Adam, standing outside

Adam, standing outside

Adam Joesbury lives in Birmingham with his older brother Neil and his dad Bob. Adam has proven that you can be a good Carer even if you have a learning disability. Adam is passionate about highlighting this issue and is calling for more support for Carers like him.

After Bob Joesbury’s marriage broke down, he took his two sons, Adam and Neil to live with his parents who helped him raise them. Adam was born with health problems and, as he grew up, Bob noticed he could only concentrate for short periods and was diagnosed with a learning disability at the age of five. 

Bob and Neil have been Carers for Adam ever since, but in 2017 Bob had a bleed on the brain. Bob was referred to a memory clinic and discovered that he’d also had two mini-strokes and was later diagnosed with vascular dementia

“From that day in 2017, everything changed,’ says Neil. “I became not just a co-Carer but a Carer for two.”

Adam Became a Carer for his Dad
It also meant that the tables had turned and Adam became a Carer for his dad too. Neil understandably felt overwhelmed at the prospect of caring for two members of his family, but with support from Forward Carers and Birmingham Carers Hub he put steps into place to cope.

Neil said, “It’s because of Adam looking after dad that I’m able to continue working part-time and do other things that I enjoy as well as volunteering for Forward Carers as a Carer Ambassador.”

To help Adam try and understand what dementia is and how best to look after Bob, Neil took his brother to some dementia Carer support groups. Adam struggled with these support groups and found them boring. With the help of a dementia advisor from the Alzheimer’s Society, she devised some practical sessions tailored for Adam to explain what dementia is in a visual way and they’ve really helped him.

Adam said, “First my learning disability wouldn’t let me understand dementia. But doing it with pictures makes it easier. And I like drawing to understand when people are talking to me.”

With this support, Adam and Bob can be independent while Neil is at work. Adam takes his dad shopping and cooks for him. When Bob is at the dementia café, Neil and Adam can enjoy some time together and have a bit of respite. It’s a real team effort and they all look out for each other.

Support from the Community
Neil’s workplace (M&S) is very understanding and allows Neil to have his phone with him on the shop floor, this way, Adam can call him if he’s having a bad day.

As well as a supportive workplace, Neil, Adam and Bob are well-known in their area and are lucky to live in a community where people look out for them.

“We can’t go anywhere,” Adam said, “because someone will recognise Neil and he stands there for half an hour talking!’

Three men standing together Neil, Bob and Adam
Neil, Bob and Adam Joesbury

Bob went out one day to the cashpoint he usually uses but finding it broken, he went to a different one and got lost. Local businesses know about Bob’s dementia and luckily for him, staff in Iceland knew where he lived and pointed him in the right direction. Although, Bob wears a GPS tracker to give Neil peace of mind while he’s at work, knowing that local shops, pubs and cafés know where they all live is reassuring should Bob ever get lost or Adam needs any help.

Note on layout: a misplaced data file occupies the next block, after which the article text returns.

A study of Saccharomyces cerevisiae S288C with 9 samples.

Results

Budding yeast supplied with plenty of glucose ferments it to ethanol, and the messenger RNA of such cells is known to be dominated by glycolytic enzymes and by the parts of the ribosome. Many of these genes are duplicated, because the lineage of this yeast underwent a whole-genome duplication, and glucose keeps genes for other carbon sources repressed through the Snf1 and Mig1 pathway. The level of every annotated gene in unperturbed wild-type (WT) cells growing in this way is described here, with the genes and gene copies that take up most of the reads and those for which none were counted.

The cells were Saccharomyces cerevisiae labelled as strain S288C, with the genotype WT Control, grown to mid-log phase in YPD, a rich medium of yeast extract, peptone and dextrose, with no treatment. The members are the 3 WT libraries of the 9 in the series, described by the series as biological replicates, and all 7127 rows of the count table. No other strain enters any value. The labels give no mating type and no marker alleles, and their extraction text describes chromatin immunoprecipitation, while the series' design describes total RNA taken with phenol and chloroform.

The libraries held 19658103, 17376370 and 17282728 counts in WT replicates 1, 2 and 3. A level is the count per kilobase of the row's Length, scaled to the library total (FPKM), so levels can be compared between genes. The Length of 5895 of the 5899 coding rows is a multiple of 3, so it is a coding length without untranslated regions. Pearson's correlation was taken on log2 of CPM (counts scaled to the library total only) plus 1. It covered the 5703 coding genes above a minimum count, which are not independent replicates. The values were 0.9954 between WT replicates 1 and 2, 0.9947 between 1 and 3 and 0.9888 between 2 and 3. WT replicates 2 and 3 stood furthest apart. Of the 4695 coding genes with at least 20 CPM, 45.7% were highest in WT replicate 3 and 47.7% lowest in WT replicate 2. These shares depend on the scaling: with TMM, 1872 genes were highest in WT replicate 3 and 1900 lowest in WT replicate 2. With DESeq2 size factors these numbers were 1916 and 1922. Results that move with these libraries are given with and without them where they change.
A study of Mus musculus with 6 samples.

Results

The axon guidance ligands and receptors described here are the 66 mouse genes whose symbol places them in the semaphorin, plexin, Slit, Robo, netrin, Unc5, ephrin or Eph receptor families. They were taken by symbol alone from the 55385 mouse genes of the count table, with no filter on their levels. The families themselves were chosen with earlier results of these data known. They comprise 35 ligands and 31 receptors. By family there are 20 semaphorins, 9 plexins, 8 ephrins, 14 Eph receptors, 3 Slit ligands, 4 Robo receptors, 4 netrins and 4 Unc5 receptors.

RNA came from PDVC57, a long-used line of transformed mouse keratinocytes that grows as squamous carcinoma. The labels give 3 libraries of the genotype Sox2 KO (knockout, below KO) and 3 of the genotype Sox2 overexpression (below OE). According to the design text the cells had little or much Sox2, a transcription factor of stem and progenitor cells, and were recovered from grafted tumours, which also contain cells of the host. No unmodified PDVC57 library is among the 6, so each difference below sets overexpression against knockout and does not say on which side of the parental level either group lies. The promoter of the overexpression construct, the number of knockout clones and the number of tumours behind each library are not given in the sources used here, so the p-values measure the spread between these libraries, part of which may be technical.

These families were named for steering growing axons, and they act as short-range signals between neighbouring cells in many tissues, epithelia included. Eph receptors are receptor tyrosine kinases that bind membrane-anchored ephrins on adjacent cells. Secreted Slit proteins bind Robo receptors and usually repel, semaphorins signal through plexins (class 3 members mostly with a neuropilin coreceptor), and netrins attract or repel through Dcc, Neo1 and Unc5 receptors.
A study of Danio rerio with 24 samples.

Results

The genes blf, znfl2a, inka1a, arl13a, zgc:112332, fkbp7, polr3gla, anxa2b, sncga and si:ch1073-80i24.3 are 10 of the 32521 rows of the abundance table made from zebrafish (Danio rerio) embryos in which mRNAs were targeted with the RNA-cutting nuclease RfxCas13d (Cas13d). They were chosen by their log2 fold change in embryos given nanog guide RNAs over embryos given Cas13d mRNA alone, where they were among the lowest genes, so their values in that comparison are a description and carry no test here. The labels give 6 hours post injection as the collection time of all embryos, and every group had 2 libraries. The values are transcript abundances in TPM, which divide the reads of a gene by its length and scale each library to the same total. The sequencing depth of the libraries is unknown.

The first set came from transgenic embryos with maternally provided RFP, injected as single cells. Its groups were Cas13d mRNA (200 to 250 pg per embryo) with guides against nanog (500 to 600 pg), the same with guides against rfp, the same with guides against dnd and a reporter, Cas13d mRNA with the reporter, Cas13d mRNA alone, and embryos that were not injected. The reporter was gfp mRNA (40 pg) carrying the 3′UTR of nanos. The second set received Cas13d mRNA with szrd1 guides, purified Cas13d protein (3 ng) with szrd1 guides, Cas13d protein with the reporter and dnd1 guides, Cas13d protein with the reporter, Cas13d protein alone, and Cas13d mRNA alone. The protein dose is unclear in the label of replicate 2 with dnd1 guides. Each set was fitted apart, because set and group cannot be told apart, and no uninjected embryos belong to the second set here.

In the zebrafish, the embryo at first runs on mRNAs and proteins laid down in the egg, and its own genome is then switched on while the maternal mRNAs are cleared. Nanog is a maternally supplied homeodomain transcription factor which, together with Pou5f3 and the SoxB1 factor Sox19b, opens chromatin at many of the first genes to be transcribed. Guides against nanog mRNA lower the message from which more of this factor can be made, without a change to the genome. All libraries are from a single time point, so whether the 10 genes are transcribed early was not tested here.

Adam and Neil would like people to be more patient and helpful, as they say this makes a huge difference to them. 

Changing things for Carers with a Learning Disability

Adam is passionate about making life better for Carers with a learning disability. He doesn’t want them to go through the same struggles he did.

Adam explains, “The first time I meet people I get nervous, and when people talk too quickly I don’t understand them. If there were more groups for Carers with a learning disability, it would be good.”

People do seem to be listening, and the first ever support group for Carers with a learning disability has started in Birmingham, run by local advocacy service CASBAFurther information about CASBA’s support groups for Carers with learning disabilities can be found here.

It has taken Adam huge courage to speak out, including talking at an Alzheimer’s Society conference where there were 200 people. Adam wants to write to the Prime Minister to tell him what needs to change for Carers with a learning disability. “I’d tell the Prime Minister that people with a learning disability can be Carers,” he said. 

“People think you can’t be a Carer with a learning disability, but you can. I ignore those people. What’s the point in arguing? You won’t go anywhere.”

A dementia advisor from the Alzheimer’s Society, wanted to recognise Adam’s achievements and has nominated him for a Dementia Care Award where he will attend an award ceremony in London on 13 June.

Well done Adam and fingers crossed for 13 June, whether or not you win, you are a winner in our eyes!

Support for Dementia Carers
Dementia is a disease that affects the whole family, if you help someone who is living with dementia, support is available from our Dementia Carers Hub. For information, help and advice, call 0333 006 9711 and ask to speak to one of our Dementia Carer Advisors, or email:

Take a look at what support we have on offer for Dementia Carers.

Some of this information has been based on an interview Bob, Neil and Adam did with the Alzheimer’s Society as well as a podcast that they recorded, which you can listen to here.